By Emily Jaycox For the Independent
Stettler town council approved a $4,074,150 capital budget for 2019 during its regular meeting Tuesday, March 5.
A total of $178,150 has been allotted for the fire department to replace an engine and the current two-way radio system with an additional $18,000 for a decontamination containment system air shelter.
Replacing the Stettler Community Hall’s HVAC system is a project set for this year with a budget of $271,000.
An engineering design for the Stettler Community Hall is currently in progress.
Some big ticket items under transportation include improvements to 51st Ave. and the 49th Ave. overlay.
The 51st Ave. curb, gutter, and pavement will be replaced to the tune of $450,000 in this second phase of the two-part project.
The water and sewer were replaced in 2018.
The budget for milling the existing asphalt and repaving 49th St. from 46 St. to the rail tracks east of 43rd St. and moving the gas mains prior to construction is set at $300,000.
The budget also includes $150,000 for pavement patching.
Some big projects are planned for water and sewer as well, with a total budget of $1,321,500.
Replacing the water main on 52nd St. between 48th and 49th Ave. has been allotted $280,000.
The price tag for the water main replacement west of 57A St. between 46 and 47 Ave. is set at $220,000.
Desludging Lagoon Cell C will cost $300,000.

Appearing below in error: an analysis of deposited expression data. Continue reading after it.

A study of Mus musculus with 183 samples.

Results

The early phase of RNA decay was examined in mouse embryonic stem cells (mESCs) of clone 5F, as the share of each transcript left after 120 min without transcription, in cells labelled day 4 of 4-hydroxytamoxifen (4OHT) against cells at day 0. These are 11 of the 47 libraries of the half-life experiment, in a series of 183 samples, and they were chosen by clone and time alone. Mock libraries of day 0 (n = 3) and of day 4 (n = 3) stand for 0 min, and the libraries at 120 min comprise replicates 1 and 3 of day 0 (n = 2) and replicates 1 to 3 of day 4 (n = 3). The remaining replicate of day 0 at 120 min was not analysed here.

A budget of $280,000 has been given for pathway, sidewalks and snow removal.
The 2019 capital budget is funded $2,317,487 from grants, $1,230,142 from available capital (i.e., utilities, taxes), and $177,513 transferred from the operating budget.
All the proposed projects, however, could be put on the backburner if funding is shaken up due to the upcoming provincial and federal elections.
The budget report in the council agenda stated, “The reality of the challenge facing the town is that there are too many future projects for the amount of expected and uncertain grant monies available … At this time the premier and the prime minister has committed funds as promised to municipalities.”
“The Town is always concerned about the level of grant funding received and we currently do not know the amount of funding we will receive for the year,” said Lara Angus, corporate communications coordinator for the town.
“When we find out the level of funding we’re set to receive this year, we may have to prioritize the projects included in the budget.”
The 2019 operational budget, which determines property tax rates, is set to go before council on May 21.